Beit Midrash

  • Jewish Laws and Thoughts
  • Foundations of Faith
To dedicate this lesson

The Torah study is dedicated to the full recovery of

Asher Ishaayahu Ben Rivka

8. Rabbinic Discrepancies

Do not the many discrepancies in Jewish law and the different schools of thought within Judaism weaken our sense of security in Torah scholars? How is it possible to rely on such an aged tradition when we find so many disagreements within the tradition itself?


Rabbi Zalman Baruch Melamed

Cheshvan, 5762
In our previous lesson, we mentioned that when one becomes personally acquainted with Jewish Torah scholars, all doubts disappear from one's heart, and one is convinced of the reliability of such people. One rests assured that individuals possessing such honesty and absolute precision were careful to hand down the tradition in the most exact manner possible. Possessing this sort of tradition is as good as having seen with our own eyes the giving of the Torah at Mount Sinai and the miraculous Exodus from Egypt.

There is, at any rate, need for additional explanation. For, it is impossible to ignore the fact that there are a great many discrepancies between Rabbis when it comes to Jewish law. One Rabbi prohibits while another permits. One deems fit for consumption while another deems unfit. Rabbis sometimes disagree concerning what they both heard from their own mentor; one says that the Rabbi permitted, while the other says that he prohibited. It would be no exaggeration to say that there is almost no issue in the Torah concerning which Rabbis do not disagree. This being the case, should not these many discrepancies in Jewish law and the different schools of thought in Judaism weaken our sense of security in Torah scholars? Does this not prove that there are many inaccuracies and mistakes? How is it possible to rely on such an ancient tradition when we find so many discrepancies within the tradition itself?

Answer: To the contrary, the many discrepancies between Torah scholars serve to strengthen our faith and trust in the reliability of the tradition. The fact that each Rabbi maintains his opinion and refuses to give in bears out the adamancy of Torah scholars to defend the truth. The Torah itself commands us to possess such adamancy when it states: "Do not fear any man!" From where do we learn that a student of Torah who is convinced that the position taken by his rabbi is a mistaken one must speak up despite the respect he holds for his mentor? Answer: "Do not fear any man!" Do not hold back your opinion from anybody.

Judaism's many discrepancies serve as proof of the Sages' adamancy concerning the maintenance of truth and thus strengthen our trust in their words. The discrepancies are over details, not over the main body; the foundations are agreed upon. For example, concerning the obligation to recite the "Shema" we find a discrepancy between the Sages regarding when the time for the evening reading begins. They also disagreed concerning the end time of the evening reading. In addition, the Rabbis disagreed over the question of just how many paragraphs must be read, and to what extent a person is obligated to direct ones thoughts in reading. Everybody, though, accepts the basic fact that there is a commandment to read the Shema portion. There is no disagreement as to whether or not there is an obligation to read the Shema. The discrepancies, then, are over details.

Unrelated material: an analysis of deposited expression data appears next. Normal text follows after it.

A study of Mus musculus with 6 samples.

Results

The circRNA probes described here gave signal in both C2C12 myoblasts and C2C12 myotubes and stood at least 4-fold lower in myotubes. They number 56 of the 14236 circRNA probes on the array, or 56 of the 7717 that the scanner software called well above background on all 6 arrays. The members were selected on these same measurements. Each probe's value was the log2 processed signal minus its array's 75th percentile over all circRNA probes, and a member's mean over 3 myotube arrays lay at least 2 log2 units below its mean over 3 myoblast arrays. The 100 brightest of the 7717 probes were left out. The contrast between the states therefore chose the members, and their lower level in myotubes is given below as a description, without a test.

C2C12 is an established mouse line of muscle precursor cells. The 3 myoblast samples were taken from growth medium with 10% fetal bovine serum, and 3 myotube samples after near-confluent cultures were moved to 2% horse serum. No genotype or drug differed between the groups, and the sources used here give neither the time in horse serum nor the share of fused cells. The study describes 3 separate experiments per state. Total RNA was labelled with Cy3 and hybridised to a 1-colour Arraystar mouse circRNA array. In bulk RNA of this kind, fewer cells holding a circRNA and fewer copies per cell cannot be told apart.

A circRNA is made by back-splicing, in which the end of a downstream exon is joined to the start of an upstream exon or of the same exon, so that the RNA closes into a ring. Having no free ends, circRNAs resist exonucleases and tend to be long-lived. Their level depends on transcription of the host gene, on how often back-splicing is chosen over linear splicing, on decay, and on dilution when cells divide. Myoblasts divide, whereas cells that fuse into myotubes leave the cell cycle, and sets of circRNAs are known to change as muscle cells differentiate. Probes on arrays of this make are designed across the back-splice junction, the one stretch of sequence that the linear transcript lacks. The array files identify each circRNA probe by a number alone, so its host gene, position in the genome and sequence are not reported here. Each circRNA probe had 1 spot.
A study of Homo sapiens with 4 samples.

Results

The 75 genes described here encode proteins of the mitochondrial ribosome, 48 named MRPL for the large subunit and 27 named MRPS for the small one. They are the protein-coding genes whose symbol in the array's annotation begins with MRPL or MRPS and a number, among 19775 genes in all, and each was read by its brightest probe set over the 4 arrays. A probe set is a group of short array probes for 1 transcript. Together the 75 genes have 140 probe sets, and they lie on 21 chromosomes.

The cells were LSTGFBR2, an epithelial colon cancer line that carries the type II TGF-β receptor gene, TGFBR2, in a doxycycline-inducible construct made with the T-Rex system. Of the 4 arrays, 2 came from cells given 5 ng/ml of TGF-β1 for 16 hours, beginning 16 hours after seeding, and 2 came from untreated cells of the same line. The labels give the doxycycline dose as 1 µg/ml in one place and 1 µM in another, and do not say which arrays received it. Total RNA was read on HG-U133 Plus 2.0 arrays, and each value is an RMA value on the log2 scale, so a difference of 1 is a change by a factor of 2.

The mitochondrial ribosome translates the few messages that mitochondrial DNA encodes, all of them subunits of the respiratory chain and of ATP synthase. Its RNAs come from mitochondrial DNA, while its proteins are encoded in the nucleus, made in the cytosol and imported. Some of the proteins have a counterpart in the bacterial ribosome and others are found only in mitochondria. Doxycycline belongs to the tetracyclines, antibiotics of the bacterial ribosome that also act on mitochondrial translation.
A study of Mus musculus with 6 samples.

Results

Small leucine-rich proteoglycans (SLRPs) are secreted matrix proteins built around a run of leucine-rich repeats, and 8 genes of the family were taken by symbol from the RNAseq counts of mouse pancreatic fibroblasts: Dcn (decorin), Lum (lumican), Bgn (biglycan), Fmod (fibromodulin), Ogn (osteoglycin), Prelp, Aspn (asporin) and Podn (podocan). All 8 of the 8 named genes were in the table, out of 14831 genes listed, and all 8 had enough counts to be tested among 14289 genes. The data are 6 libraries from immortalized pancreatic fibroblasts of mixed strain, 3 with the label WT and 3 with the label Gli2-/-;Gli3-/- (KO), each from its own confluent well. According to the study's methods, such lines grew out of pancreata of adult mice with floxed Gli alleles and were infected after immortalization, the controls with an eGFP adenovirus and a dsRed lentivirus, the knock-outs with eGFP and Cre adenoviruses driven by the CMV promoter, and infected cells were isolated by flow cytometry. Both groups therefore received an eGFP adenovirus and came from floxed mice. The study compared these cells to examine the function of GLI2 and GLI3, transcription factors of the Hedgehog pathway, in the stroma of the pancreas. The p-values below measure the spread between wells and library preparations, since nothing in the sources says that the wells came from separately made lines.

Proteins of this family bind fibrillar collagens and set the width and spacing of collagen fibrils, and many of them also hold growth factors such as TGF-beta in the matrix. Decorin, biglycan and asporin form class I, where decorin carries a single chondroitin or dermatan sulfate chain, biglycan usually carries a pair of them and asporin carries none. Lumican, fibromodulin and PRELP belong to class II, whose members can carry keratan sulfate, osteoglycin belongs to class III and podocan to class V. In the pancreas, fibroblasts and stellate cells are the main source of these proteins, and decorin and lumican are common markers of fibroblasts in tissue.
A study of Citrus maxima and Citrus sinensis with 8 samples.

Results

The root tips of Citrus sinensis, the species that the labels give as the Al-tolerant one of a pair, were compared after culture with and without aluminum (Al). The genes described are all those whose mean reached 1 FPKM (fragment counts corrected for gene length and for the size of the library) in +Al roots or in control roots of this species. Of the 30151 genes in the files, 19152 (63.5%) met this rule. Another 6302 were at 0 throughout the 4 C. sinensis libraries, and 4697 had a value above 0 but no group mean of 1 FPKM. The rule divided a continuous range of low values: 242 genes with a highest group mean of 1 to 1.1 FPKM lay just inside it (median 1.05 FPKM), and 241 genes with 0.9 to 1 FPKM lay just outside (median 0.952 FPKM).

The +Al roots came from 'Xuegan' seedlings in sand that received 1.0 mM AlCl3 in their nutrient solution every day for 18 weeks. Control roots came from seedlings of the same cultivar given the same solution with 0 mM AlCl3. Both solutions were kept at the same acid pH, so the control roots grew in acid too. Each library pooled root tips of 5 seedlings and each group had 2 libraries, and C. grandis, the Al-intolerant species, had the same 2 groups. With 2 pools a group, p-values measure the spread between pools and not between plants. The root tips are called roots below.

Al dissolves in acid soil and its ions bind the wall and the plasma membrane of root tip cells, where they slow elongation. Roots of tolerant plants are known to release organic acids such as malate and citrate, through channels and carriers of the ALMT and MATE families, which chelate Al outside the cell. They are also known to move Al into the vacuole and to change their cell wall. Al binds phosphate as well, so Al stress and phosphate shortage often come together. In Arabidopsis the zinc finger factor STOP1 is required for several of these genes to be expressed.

All of the disagreements in the Torah exist within a wide and agreed upon framework. All accept the basic foundations, all accept the Written Tradition, and in this regard, there is no discrepancy. There are no variant readings of the Torah which has been handed down generation after generation. All accept the Oral Tradition. Controversy arises only when it comes to the fine points, the details, the outer limits of the law - not the fundamental obligations.

The variety of opinions and positions, the stubborn adamancy of each approach and view to maintain its way, the devotion of each congregation and each community to its heritage - these things do not weaken our faith in tradition. Rather, they strengthen our faith in the shared, the foundation, the rules upon which all of the approaches agree. Because the fundamentals are shared by all of us, it is possible to state with regard to all of these approaches that, as our sages teach: "Both are the words of the living God" - God's praise ascends from all of them together. The Sages teach: "Every disagreement for the sake of Heaven is destined to endure. What is an [example of a] disagreement for the sake of Heaven? The disagreement between Hillel and Shamai."

In summary, we see that, to the contrary, disagreements between Torah scholars serve to strengthen our trust and faith in the reliability of the tradition that is accepted by all. It, then, is for us like eyewitness account.